Monday, July 21, 2008

Perfect Whole Wheat Bread

To save money on bread, I've been trying out homemade bread recipes. Spending $3+ on good bread at the store per loaf adds up quickly, especially when the same bread can be made at home for less than $1 a loaf.

I checked out lots of bread books at the local library; one was called Beth's Basic Bread Book. The recipe for this bread was inside and I was amazed at how easy it was. It kept getting better. A wheat bread that takes 3.25 hours is faster than my breadmaker, it makes 2 loaves at once, it's more reliable, it tastes great, they keep well for 3 days (or more in the freezer!) (Most homemade bread starts to go stale pretty fast without the store preservatives.) It makes great sandwiches, great toast, great snacks...we're in love with this bread!

This is a simple bread recipe, and the easiness makes it even more worthwhile. Try it out. You'll love it!

Perfect Whole Wheat Bread
(Also great for burger/hot dog buns, dinner rolls and more!)

1 cup warm water (105-115 F)
2 Tablespoons (2 packages) active dry yeast
pinch brown sugar
1 cup warm milk (105-115)
1/3 cup (packed) light brown sugar
3 tablespoons unsalted butter, elted
1 tablespoon salt
1 egg
2 1/2 cups whole wheat flour, fine or medium grind
3 1/2 -4 cups unbleached all-purpose or high gluten bread flour
melted butter or olive oil for brushing

1. Proof the yeast: In a small bowl or 1-cup liquid measuring cup, pour 1/2 cup of the warm water. Sprinkle the yeast and pinch of brown sugar over the surface. Stir to dissolve and let stand at room temperature until foamy, about 10 minutes. I use cool water right now in summer when its so hot to slow down the growth a bit)

2. Mixing the dough: In a large bowl using a whisk or in the bowl of a heavy-duty electric mixer fitted with the paddle attachment, combine the remaining water, milk, 1/3 cup brown sugar, melted butter, salt, egg and whole wheat flour. Beat hard until creamy, about 1 minute. Stir in the yeast mixture. Add bread flour, 1/2 cup at a time, until a soft, shaggy dough that just clears the sides of the bowl is formed. Switch to a wooden spoon when necessary if making by hand.

3. Kneading: Turn the dough out onto a lightly floured work surface and knead until soft and springy, 1-3 minutes for machine mixed dough, 4-7 minutes for a hand mixed dough, dusting with flour only 1 Tbsp at a time, just enough as needed to prevent sticking. The dough will be smooth and very springy with a slightly rough surface and sticky quality, but not dry. Do not add too much flour or the baked loaf will be dry and crumbly.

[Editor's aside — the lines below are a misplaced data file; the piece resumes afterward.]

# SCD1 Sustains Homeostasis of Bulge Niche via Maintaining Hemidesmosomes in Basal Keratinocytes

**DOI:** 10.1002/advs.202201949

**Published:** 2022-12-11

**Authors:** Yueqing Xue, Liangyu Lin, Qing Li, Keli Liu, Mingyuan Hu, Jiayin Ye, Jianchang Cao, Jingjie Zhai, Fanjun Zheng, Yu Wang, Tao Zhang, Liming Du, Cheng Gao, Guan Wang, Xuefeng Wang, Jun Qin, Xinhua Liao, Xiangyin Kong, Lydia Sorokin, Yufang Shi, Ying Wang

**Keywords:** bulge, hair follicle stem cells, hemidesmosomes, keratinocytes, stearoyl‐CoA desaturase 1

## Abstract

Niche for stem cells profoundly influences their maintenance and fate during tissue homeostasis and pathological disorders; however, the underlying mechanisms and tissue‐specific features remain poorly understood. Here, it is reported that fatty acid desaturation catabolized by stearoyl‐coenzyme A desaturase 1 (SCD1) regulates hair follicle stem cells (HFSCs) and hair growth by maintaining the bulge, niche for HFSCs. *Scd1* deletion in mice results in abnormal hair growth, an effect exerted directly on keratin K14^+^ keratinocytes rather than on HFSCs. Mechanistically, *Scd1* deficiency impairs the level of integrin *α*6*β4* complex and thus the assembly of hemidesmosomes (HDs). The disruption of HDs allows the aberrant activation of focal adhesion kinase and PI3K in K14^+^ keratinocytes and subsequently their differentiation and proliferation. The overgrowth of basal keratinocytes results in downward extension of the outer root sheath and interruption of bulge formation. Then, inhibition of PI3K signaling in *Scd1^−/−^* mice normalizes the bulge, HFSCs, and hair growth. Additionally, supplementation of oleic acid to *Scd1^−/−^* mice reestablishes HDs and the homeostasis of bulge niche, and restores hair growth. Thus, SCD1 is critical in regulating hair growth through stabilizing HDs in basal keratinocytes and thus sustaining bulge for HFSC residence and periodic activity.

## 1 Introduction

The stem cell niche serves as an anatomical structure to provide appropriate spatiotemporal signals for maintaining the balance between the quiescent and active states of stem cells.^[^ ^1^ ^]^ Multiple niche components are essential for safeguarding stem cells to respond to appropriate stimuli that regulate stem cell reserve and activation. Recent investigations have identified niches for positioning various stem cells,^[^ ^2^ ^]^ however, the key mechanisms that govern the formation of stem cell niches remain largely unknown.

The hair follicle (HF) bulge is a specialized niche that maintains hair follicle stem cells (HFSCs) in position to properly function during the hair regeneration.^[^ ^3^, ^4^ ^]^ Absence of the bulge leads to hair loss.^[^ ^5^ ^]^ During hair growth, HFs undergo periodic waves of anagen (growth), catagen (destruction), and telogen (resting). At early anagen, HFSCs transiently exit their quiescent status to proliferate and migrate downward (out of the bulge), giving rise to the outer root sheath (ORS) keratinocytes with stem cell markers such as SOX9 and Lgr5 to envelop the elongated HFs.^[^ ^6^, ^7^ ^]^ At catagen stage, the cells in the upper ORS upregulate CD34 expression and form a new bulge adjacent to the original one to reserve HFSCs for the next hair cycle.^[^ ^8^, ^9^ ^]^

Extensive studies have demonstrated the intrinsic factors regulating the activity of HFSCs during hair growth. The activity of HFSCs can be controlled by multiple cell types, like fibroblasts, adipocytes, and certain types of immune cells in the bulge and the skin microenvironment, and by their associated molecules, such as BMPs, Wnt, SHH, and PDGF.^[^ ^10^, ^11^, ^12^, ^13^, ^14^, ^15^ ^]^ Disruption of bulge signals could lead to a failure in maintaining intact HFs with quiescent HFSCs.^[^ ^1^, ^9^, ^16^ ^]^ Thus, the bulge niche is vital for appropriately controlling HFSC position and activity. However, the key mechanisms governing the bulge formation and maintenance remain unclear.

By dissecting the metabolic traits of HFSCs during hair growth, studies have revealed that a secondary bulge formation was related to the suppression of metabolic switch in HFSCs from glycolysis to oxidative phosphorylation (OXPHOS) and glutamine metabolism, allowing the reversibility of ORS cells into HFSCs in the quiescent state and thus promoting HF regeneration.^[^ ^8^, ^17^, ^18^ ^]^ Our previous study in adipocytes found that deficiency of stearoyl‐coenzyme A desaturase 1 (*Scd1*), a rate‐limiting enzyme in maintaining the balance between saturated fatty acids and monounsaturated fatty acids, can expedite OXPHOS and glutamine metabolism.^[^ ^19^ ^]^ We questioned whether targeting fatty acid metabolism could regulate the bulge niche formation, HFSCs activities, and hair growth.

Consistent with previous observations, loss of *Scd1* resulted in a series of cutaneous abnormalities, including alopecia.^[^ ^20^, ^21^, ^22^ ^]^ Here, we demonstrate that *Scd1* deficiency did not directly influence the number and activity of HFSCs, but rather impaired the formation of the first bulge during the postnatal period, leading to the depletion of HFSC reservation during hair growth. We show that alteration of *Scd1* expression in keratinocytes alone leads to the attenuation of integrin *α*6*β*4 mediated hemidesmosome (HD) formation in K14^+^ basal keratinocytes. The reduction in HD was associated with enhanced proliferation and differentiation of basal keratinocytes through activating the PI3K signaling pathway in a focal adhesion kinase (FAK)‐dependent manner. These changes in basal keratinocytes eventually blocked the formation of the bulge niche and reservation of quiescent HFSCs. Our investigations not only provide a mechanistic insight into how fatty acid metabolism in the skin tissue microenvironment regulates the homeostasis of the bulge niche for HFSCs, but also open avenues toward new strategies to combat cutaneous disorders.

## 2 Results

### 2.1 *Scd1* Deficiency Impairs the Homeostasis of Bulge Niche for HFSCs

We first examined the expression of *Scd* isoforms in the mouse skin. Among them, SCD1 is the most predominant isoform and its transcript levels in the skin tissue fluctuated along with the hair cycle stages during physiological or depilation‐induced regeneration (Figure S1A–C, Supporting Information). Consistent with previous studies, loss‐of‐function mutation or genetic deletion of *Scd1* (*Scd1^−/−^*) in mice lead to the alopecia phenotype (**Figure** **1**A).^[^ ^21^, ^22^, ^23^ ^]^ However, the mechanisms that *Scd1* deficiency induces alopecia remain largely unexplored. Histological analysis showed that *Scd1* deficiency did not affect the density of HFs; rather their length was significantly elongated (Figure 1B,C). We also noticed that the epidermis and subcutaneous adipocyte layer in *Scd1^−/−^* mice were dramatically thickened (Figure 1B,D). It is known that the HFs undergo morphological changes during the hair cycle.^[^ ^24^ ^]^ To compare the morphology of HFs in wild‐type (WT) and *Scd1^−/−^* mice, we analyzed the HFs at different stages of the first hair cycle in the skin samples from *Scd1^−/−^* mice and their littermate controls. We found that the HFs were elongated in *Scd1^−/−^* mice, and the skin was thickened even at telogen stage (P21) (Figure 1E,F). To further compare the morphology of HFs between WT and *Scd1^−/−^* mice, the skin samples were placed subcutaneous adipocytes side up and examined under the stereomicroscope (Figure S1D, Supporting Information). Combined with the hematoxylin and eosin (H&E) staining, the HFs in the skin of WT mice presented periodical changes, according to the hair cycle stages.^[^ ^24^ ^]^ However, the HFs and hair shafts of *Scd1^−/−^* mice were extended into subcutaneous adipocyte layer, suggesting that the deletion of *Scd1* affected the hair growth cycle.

4. First rise: Place the dough in a lightly greased deep container (preferably with straight sides so its easy to see when it has doubled). Turn the dough once to coat the top and cover with plastic wrap. Let rise at room temperature until double in bulk, about 1-1.5 hours. Do not allow to rise any higher than double, or it may collapse and bake into a flat loaf.

5. Shaping and second rise: Turn dough out onto lightly floured work surface to deflate. Lightly grease bottom and sides of 2 9x5 loaf pans. Clay pans are wonderful for this loaf. Divide the dough into 4 equal portions. With the palms of your hands, roll into 4 fat sausages, each about 10 inches long. Place two of the pieces side by side. Starting in the center, wrap one around the other to create a fat twist effect. Repeat with second loaf. Place in pans. Brush tops with melted butter or oil. Cover loosely with plastic wrap and let rise at room temperature until the dough is almost double in bulk and about 1 inch over the rims of the pans, about 30 minutes. These loaves need only a 3/4 proof for the best baked volume.

6. Baking and cooling: Twenty minutes before baking, preheat the oven to 375 F. Brush tops with more butter or oil. Place in center rack of oven and bake about 35-40 minutes, or until the surface of the loaves is golden brown, the sides slightly contract from the pan, and the loaves sound hollow when tapped with your finger. Remove the loaves from the pans immediately to a cooling rack. Loaves are best slightly warm or at room temperature.

You take them out of the pans immediately to keep them from getting moist on the sides. Store completely cooled unsliced bread or rolls wrapped in plastic food storage bags at room temperature to keep moist for 3 days or freeze. If you use black-finish or glass loaf pans, reduce oven temp. by 25 F.

1 comment:

Amy said...

I've been looking for a good whole wheat bread recipe - there are plenty out there but I'm much less wary if someone I know has recommended it. I'll have to give this one a try!